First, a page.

I grew up avoiding the Szechuan dishes on the menu of the local Chinese restaurant because they had the red "spicy" star next to them. And then as a young adult when I preferred the spicier dishes I was mightily impressed by this so called Szechuan peppercorn that could make dishes that not only made one sweat but numbed the tongue. And then about 10 years ago the owner of one of those Chinese restaurants told me that there was more than one kind of pepper used in most Szechuan dishes and the one actually named Szechuan or Szechwan or Sichuan after the province in Southwest China was actually not a pepper related to either the black and white peppercorn family or the capsicum pepper family. And it wasn't hot...it wouldn't make you sweat but it was responsible for the tongue tingling part. And thus began my minor food addiction with Szechuan pepper. I sprinkle it on lots of things potato chips, pizza, eggs and bacon, soups, salads. If I see it creatively used on a menu I'll usually order the dish even when I know there are better dishes available. I have a peppermill filled with just it, one with it blended with 2 other peppers and one with it blended with sea salt. If you get a good dose of it the sensation to me isn't one of being numb but more like the constant tingling that happens when the novocaine wears off from the dentist office. The only other similar experience I've had in the plant and animal kingdom was when I chewed the leaves of the Coca plant as pointed out by our guide when hiking in the Andes. There must be a few other addicts out there as I often see it now listed on European menus when 10 years ago that wasn't the case.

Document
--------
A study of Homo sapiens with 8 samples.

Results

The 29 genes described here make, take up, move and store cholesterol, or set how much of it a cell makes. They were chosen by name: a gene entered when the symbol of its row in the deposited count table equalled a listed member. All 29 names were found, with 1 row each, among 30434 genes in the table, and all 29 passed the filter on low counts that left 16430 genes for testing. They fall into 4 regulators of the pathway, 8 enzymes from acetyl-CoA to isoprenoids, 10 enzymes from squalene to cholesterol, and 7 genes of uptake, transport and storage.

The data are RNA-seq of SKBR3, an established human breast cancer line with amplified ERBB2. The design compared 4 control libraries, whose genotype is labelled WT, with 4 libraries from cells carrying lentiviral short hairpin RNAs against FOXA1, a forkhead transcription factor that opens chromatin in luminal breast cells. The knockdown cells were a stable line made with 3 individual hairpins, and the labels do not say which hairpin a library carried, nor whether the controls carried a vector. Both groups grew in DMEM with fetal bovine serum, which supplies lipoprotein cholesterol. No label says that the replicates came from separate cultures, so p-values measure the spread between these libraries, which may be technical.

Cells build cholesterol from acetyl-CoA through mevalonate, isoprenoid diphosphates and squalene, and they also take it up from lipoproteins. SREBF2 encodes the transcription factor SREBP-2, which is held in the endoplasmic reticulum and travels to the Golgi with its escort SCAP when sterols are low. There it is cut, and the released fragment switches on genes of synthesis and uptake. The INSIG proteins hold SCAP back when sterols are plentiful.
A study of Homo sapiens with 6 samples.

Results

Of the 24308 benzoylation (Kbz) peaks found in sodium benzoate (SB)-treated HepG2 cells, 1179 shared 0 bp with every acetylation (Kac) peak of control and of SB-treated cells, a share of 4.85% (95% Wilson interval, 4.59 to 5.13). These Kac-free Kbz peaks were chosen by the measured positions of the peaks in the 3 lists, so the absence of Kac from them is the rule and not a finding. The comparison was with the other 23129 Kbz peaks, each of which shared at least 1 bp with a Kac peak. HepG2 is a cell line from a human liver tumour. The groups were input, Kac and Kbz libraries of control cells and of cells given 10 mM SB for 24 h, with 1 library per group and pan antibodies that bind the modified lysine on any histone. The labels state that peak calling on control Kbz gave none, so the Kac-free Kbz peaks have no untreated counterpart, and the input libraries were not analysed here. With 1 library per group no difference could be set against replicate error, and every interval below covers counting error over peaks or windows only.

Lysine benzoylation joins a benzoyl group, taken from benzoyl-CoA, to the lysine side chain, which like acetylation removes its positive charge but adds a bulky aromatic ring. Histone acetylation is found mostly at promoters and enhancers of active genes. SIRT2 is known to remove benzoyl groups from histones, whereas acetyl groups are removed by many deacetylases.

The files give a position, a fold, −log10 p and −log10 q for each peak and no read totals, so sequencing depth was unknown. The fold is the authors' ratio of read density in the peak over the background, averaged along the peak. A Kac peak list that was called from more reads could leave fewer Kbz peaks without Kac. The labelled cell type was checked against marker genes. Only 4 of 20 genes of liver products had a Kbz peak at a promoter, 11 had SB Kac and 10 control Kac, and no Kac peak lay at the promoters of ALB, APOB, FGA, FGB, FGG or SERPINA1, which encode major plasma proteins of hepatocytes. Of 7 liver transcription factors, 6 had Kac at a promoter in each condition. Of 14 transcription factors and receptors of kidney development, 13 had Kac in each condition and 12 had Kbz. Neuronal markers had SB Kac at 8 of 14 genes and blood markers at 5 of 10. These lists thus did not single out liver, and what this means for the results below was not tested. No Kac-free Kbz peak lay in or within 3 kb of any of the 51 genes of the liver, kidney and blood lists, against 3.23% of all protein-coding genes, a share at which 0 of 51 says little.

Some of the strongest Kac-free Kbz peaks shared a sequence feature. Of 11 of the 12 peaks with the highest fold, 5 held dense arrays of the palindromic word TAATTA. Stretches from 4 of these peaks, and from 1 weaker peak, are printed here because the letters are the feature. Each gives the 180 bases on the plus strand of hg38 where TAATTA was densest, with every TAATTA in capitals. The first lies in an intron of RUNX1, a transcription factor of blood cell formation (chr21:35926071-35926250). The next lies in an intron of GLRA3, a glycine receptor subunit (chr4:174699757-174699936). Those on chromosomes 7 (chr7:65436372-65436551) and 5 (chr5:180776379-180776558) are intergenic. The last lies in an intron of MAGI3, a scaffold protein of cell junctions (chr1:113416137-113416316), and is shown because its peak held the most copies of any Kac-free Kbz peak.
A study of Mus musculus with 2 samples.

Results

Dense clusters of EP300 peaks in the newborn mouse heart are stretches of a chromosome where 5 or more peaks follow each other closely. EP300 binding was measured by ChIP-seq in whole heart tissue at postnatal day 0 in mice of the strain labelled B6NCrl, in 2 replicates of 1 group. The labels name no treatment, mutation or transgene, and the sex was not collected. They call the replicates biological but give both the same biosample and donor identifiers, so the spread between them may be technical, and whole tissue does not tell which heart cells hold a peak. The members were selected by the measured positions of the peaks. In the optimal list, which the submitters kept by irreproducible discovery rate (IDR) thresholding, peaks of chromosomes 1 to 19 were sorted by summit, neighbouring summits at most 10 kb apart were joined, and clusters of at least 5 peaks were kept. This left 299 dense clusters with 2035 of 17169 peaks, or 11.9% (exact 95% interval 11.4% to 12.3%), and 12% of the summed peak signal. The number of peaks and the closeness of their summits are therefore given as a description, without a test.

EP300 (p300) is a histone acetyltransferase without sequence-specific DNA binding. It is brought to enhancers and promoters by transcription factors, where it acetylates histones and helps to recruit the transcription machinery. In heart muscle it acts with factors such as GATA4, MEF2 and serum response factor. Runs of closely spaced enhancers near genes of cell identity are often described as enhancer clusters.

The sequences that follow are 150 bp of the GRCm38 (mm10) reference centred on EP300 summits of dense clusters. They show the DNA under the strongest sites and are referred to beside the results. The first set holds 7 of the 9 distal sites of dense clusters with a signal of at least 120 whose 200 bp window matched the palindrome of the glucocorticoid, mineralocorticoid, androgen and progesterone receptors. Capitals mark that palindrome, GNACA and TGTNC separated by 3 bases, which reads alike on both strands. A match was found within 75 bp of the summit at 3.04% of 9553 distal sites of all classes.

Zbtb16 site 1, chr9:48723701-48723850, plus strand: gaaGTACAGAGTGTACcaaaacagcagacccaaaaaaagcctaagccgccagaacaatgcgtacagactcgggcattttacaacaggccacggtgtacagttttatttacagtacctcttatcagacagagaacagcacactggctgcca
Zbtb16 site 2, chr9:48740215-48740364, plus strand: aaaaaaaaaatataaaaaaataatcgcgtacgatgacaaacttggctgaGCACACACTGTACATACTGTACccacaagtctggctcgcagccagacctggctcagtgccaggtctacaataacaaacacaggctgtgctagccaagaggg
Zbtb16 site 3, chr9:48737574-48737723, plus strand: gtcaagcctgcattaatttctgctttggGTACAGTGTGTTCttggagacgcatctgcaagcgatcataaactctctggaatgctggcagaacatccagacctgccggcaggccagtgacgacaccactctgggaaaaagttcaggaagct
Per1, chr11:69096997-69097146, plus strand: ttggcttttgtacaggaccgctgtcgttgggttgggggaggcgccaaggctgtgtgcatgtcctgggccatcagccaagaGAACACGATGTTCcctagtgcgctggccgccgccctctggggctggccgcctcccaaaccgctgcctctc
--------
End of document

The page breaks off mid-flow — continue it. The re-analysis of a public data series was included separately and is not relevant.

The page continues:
It has a pleasant citrus aroma that fills your kitchen if toasted in a skillet.
You can try it out immediately by sprinkling a pinch or two on your favorite microwave popcorn but I'll send along a recipe for "homemade popcorn" and for an oil that you can pour on popcorn, fish, chicken, veggies etc. to get a quick "buzz"
(Look for the ones with the most red or pink color and it's the hulls you want...not the seed) —David
favorite popcorn kernels popped
szechuan pepper ground fine
chipotle or cayenne powder (I like Szechuan combined with heat but feel free to leave out
salt to taste
Szechuan pepper oil
Szechuan pepper toasted in a dry skillet and coarsely ground
Black peppercorns toasted in a dry skillet and coarsely ground
dried birdseye chiles or chiles de arbol (whole)
In This Recipe
After toasting and grinding Szechuan and black peppercorns put whole dried birdseye chiles in warm skillet and allow to warm.
Feel free to leave out hot birdseye peppers if not desired.
Heat peanut oil to 110-120 degres and pour into heatproof container with chiles and peppers. After completely cooled can pour into bottle or other storage container (can strain or not) Will keep for 1-2 weeks without refrigeration. If you refrigerate allow to come to room temp if possible.